Jomo Kwame Sundaram was United Nations Assistant Secretary-General for Economic Development, and received the Wassily Leontief Prize for Advancing the Frontiers of Economic Thought in 2007.
KUALA LUMPUR, Malaysia, Dec 1 2016 (IPS) - Investor-state dispute settlement (ISDS) provisions in ostensible free trade agreements (FTAs) and bilateral investment treaties (BITs) have effectively created a powerful, privileged system of protections for foreign investors that undermine national law and institutions. ISDS allows foreign corporations to sue governments for causing them losses due to legal or regulatory changes.
A law unto themselves
ISDS cases are decided by extrajudicial tribunals composed of three corporate lawyers. Although ISDS has existed for decades, its scope and impact has grown sharply in the last decade. As ISDS has been written into over 3,000 BITs and numerous FTAs, the opportunities for ISDS claims are huge and growing.
Originally justified as necessary to protect foreign corporate investments abroad from nationalization or expropriation by governments controlling national judiciaries, foreign corporations have used ISDS to change sovereign laws and undermine national regulations. As there is no cap on the amount of awards, claims – and awards – can be huge.
The system is secret and dominated by unaccountable corporate lawyers. As international arbitration is typically not transparent, pursuing such claims can avoid the public scrutiny associated with mounting legal challenges in courts. Lack of transparency means that lawyers acting as arbitrators or advocates in one case can be unnamed investors in other cases, as nobody would ever know.
ISDS proponents claim that the outcomes of cases are uncertain, and corporations only win about a quarter of the cases they pursue. But this does not include settlements agreed to before the conclusion of arbitration proceedings from which corporations often secure handsome benefits of some kind or other. ISDS arbitration is certainly far more attractive to foreign investors who would otherwise shy away from pursuing claims in other national courts, particularly against host governments.
Recent ISDS decisions have involved significantly greater delegation of authority to arbitrators in interpreting and applying the agreements concerned, without any meaningful review or opportunity to appeal the arbitrators’ decisions. There is no guarantee that tribunals will interpret treaty provisions in ways consistent with governments’ understandings of what treaty obligations mean.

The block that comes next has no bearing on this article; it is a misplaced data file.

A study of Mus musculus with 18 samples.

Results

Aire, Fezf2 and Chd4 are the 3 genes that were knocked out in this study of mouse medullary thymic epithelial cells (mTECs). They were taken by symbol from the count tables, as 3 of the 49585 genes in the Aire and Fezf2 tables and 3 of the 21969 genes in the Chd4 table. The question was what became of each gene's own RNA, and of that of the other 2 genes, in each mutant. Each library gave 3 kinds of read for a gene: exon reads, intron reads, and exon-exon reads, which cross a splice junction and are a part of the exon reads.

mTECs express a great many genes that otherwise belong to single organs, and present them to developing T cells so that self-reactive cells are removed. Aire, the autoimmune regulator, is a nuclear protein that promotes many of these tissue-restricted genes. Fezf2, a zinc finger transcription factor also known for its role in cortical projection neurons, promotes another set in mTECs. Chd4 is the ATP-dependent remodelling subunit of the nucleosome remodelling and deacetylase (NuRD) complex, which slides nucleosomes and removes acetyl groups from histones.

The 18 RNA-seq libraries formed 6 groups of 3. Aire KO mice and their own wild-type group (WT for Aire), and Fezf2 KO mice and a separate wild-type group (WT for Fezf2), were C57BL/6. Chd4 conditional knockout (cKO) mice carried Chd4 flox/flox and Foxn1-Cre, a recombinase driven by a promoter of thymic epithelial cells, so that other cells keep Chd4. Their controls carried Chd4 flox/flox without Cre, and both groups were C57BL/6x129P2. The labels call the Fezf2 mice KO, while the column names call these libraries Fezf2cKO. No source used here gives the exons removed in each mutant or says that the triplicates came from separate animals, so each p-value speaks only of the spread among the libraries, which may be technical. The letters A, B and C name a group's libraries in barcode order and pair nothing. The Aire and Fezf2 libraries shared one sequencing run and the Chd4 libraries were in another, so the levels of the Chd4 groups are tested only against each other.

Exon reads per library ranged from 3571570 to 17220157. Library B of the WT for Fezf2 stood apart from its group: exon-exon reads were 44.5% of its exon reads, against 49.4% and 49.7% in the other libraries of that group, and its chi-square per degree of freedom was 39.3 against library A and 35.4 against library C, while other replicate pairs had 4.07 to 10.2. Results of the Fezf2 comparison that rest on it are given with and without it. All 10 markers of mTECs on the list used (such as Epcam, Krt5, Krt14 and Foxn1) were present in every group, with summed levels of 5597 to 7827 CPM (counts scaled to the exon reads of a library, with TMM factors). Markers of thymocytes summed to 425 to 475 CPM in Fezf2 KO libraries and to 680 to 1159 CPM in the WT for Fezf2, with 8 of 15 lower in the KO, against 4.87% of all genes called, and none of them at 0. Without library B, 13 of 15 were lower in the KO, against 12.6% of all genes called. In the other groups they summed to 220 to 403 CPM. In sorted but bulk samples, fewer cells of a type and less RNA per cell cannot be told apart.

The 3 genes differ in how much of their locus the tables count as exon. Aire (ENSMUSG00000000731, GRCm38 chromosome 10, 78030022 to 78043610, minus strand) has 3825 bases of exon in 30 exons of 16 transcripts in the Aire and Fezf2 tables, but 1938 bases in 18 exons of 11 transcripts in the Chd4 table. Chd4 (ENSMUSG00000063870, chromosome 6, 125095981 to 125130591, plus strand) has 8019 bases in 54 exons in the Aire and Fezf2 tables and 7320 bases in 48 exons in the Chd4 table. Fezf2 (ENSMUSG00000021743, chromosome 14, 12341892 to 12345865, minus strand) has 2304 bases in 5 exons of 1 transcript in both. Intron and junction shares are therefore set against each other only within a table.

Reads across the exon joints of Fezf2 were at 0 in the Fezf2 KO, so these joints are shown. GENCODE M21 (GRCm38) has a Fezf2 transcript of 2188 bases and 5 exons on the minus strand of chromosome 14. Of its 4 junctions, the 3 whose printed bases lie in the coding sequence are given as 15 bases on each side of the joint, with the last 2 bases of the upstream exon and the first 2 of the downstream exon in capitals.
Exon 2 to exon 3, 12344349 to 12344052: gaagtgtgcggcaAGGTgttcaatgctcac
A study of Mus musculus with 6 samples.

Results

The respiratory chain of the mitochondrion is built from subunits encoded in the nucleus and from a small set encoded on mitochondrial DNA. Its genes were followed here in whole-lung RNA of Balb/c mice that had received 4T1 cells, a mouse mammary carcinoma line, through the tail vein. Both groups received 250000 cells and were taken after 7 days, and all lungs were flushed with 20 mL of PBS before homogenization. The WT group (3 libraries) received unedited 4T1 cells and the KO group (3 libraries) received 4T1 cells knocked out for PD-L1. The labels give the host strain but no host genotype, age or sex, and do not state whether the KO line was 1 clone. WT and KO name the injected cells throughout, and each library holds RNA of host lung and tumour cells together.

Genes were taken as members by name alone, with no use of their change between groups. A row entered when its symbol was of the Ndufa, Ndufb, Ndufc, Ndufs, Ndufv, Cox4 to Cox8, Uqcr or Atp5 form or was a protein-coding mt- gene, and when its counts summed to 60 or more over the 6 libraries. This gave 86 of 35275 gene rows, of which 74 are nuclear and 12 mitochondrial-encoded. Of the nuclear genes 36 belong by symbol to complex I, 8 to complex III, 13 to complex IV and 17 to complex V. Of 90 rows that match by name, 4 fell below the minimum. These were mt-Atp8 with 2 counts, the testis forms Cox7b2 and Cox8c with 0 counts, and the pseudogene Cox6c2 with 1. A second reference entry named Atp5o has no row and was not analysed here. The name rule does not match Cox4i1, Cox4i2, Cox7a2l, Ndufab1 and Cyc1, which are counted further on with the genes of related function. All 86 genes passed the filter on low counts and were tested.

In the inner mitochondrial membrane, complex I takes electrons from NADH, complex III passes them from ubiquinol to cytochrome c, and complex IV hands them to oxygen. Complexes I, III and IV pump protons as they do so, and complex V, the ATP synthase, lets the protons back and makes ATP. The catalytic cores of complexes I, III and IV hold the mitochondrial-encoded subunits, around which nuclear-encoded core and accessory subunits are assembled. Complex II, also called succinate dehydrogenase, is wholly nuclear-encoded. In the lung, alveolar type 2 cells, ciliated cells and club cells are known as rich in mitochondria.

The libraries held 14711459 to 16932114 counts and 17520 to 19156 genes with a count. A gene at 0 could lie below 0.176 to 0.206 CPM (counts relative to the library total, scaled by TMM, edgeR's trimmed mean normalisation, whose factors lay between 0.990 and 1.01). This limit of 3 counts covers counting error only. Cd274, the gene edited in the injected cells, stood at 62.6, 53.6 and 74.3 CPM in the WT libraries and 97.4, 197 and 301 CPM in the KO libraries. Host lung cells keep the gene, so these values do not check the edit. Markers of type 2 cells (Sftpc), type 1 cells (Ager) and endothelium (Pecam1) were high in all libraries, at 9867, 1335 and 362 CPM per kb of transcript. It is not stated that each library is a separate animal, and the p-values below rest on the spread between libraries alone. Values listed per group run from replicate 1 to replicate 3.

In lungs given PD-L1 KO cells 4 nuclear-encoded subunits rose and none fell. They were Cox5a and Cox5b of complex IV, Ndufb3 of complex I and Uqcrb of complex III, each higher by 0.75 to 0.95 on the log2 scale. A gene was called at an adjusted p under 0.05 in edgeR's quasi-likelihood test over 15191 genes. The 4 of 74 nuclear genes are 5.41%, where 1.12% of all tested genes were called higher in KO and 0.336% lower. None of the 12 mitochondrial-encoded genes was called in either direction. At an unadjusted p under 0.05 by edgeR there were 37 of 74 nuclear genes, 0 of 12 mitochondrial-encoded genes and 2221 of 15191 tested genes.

Foreign corporations rule
ISDS also allows foreign investors to challenge the actions of officials at any level of government – local, state, and federal – as well as conduct by any branch – executive, legislative and judicial. A measure entirely consistent with domestic law is no defence against liability. ISDS thus empowers private arbitrators to decide on cases that are essentially matters of domestic constitutional and administrative law, but are presented as treaty claims.
With ISDS, foreign investors will be able to ask a panel of appointed international arbitrators to determine ‘proper’ administrative, legislative and judicial conduct while bypassing national judicial institutions. Since many legal decisions involve matters of interpretation, non-national judges deciding on ‘national’ issues will make a great deal of difference. It greatly helps foreign investors to be able to bring their claims against a government before international arbitrators, and not domestic courts.
Further, there is no provision for meaningful appeal; a tribunal’s decision will probably stand even if it gets the law or facts wrong. ISDS decision makers are not required to be independent and impartial with the high ethical standards expected of most judges. If a domestic court makes a decision inconsistent with legislative intent, the legislature can correct it by passing new legislation, but it has no power to override an ISDS decision.
Procedural rules and remedies are significantly different, depending on whether an investor claim is through ISDS or domestic courts, with significant consequences for a government’s exposure to claims and liability. Also, similar sounding legal texts may be interpreted very differently in different contexts; thus, the law is not the same in effect, even it may look similar.
The threat of supranational adjudication has many, often complex legal and policy implications. ISDS will inadvertently dilute constitutional protections, weaken the judiciary, and displace national legal systems with a system of private arbitration devoid of key checks and balances found in most national judicial systems. Investors seem to have persuaded many politicians to support their ISDS promotion efforts. In short, ISDS is an extreme, discriminatory and unnecessary form of supranational adjudication that undermines national law and institutions.
While public and private insurance and other forms of foreign investment protection are already available to protect legitimate investor rights and interests, it is doubtful whether ISDS is even needed for the situations it was originally designed for. Already, India, Indonesia and Ecuador have advised their treaty partners that they are considering ending their BITs because of ISDS.
To reduce abuses, investors could be required to first prove discrimination in national courts before being allowed to proceed to ISDS arbitration. Alternatively, national courts could exercise judicial review over ISDS awards. Also, arbitrators could be required to be independent of the ISDS process, with set salaries, security of tenure and no financial ties to litigants while investor status for ISDS claims could be defined more strictly.